Today, the Spokane Symphony celebrates its 75th anniversary. And, although this past year has been less than kind to the symphony, its members continue to draw hope from the countless other trials and tribulations over which they have triumphed during the previous 74.
As author Jim Kershner suggests in his newly released book “The Sound of Spokane: A History of the Spokane Symphony,” if 75 years of operation – despite enough turmoil, emotion and general drama to fuel a symphony written by Beethoven – has proved anything, it is that the symphony is as important to Spokane as Spokane is to the symphony.
The symphony owes its longevity to several factors: first, the timely string of music directors whose particular skills pushed the symphony to greater heights of musical excellence one after the other; second, the community of music lovers who continue to sustain it financially; and, last but by no means least, having built an orchestra full of musicians as committed to one another as to their art.
“The really special thing about the Spokane Symphony is the attitude of the group … we really love what we do. We care about the music and each other in a way that you don’t find most other places,” said first violin Elizabeth Lund, recalling what has made her proud of the symphony over the years.
“When things have gotten rough over the years, the musicians have sacrificed a lot at different times to help keep things going,” she said. “It’s been a team effort with all constituents being willing to do what it takes along the way.”
Despite recessions, budget crises and even a few tense confrontations between musicians and conductors, a significant percentage of the symphony’s current members have played in the orchestra for at least 30 years.
One of the orchestra’s longest-serving members herself, Lund remembered hearing the Spokane Symphony for the first time as an 8-year-old.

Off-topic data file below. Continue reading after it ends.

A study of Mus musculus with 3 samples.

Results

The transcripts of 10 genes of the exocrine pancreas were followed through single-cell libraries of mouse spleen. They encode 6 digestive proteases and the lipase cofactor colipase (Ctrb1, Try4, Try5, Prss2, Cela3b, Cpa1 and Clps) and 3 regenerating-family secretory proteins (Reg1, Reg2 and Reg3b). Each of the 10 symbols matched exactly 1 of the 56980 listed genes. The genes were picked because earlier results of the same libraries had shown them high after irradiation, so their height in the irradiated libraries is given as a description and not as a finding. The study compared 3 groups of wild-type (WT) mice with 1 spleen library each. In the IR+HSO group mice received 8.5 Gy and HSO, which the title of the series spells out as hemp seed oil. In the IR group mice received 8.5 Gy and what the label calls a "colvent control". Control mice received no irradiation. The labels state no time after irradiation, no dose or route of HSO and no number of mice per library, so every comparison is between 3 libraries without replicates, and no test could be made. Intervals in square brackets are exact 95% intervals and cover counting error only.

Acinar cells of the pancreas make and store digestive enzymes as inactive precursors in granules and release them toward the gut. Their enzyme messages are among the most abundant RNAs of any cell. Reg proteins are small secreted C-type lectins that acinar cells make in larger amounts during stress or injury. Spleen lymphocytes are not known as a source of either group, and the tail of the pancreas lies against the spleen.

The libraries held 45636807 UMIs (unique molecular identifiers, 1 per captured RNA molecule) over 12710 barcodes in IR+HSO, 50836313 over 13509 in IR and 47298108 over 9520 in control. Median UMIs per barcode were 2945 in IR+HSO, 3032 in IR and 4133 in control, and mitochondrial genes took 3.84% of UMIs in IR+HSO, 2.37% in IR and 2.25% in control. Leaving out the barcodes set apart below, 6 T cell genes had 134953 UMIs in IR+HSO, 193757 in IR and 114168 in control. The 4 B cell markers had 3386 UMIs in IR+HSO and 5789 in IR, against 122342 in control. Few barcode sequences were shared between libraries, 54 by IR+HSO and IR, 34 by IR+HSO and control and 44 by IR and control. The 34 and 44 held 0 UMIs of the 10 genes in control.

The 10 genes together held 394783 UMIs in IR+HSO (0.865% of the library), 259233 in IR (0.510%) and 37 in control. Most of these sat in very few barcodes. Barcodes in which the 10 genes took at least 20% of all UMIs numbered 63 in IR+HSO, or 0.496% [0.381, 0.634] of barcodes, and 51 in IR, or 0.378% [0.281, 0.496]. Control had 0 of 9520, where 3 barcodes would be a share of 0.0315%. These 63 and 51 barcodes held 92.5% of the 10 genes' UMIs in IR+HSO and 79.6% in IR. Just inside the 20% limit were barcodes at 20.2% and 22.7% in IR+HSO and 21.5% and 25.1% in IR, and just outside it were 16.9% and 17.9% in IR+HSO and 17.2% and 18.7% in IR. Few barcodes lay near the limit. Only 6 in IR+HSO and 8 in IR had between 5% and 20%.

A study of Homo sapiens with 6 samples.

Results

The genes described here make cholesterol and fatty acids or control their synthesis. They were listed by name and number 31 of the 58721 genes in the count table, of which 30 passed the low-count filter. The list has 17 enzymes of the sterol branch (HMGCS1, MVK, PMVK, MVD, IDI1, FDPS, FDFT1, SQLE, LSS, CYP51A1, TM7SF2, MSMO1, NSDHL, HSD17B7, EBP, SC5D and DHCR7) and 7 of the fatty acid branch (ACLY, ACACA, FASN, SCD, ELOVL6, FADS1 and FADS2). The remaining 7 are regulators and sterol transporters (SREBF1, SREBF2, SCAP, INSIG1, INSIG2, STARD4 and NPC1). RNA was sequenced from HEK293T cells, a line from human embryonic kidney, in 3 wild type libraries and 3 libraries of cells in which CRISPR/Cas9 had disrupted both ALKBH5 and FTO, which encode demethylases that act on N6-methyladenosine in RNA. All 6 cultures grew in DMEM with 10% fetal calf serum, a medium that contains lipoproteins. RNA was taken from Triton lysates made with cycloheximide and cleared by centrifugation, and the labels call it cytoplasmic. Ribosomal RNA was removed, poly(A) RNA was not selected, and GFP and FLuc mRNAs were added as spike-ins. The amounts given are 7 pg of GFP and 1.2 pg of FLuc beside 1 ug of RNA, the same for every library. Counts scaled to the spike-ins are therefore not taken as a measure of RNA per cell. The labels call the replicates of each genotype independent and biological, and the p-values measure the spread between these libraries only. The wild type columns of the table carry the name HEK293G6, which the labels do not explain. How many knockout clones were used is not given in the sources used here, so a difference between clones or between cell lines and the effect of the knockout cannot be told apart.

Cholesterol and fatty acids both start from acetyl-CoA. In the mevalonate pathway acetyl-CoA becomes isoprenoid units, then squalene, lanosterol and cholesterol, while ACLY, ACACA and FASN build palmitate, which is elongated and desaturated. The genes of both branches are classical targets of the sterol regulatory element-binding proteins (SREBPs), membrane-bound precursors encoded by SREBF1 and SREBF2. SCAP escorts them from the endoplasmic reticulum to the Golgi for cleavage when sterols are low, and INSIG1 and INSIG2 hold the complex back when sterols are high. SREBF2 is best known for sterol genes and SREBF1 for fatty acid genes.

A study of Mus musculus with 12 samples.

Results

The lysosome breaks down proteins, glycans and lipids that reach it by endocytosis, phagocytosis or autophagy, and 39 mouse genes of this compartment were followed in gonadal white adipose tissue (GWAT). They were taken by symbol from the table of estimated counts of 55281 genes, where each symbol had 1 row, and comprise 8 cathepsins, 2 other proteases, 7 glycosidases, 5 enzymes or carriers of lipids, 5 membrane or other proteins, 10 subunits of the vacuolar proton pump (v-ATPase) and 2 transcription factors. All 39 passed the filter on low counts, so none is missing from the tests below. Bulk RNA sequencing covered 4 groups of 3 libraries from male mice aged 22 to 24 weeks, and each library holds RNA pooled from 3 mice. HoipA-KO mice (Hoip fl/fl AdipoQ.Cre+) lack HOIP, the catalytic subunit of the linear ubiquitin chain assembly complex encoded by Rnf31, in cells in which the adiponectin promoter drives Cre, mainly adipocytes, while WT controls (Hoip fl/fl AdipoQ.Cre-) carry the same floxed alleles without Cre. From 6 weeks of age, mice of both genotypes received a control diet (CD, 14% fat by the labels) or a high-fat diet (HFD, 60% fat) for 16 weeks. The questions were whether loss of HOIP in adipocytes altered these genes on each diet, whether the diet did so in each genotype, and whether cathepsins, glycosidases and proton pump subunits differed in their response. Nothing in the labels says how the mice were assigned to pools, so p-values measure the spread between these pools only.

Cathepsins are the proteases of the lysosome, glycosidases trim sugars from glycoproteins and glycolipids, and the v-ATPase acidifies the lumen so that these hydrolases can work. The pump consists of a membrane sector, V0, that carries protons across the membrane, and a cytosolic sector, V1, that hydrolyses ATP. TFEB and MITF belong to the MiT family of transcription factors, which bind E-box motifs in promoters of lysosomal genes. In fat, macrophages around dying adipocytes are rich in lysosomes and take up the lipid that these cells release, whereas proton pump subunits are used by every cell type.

“All of the different instruments onstage playing together – I just thought that was the coolest, most fabulous thing I’d ever seen, and I wanted to do it,” she said. “And now being onstage in the middle of a huge group of musicians all playing these beautiful things – it’s just so musically satisfying to play with such a group of talented people.”
“I was overwhelmed by the magnificence of the symphony orchestra, and then suddenly, there I was, playing with them,” percussionist Rick Westrick said, remembering his first day on the job back in 1981.
These musicians have watched the Spokane Symphony develop from a “really good community orchestra” into a truly “professional orchestra” and what some have called “the smallest major orchestra in the United States.”
At 75, the orchestra is the best it has ever been, principal trumpet Larry Jess said.
“The quality of musicians and the conductor … it’s the best orchestra that I’ve ever played in,” Jess said. And “it makes me want to keep playing for a while.”
“The Spokane Symphony has been a huge part of what makes Spokane a special place,” Westrick said. “Being a percussionist, I feel like I’ve got the best seat in the house … and I’m completely astounded by the level of brilliance of the players and of the music itself. To have been given this unbelievable opportunity in my life … I’m very humbled to be part of it.”
Kershner’s “The Sound of Spokane: A History of the Spokane Symphony” is available at Auntie’s Bookstore. For more information, visit spokanesymphony.org.
Northwest Passages Book Club – “The Sound of Spokane”
In honor of the Spokane Symphony’s 75th birthday, Kershner will join Jess to discuss the history of the symphony in a virtual forum with yours truly at 4 p.m. Wednesday. No ticket is required. For more information, visit spokesman.com/northwest-passages.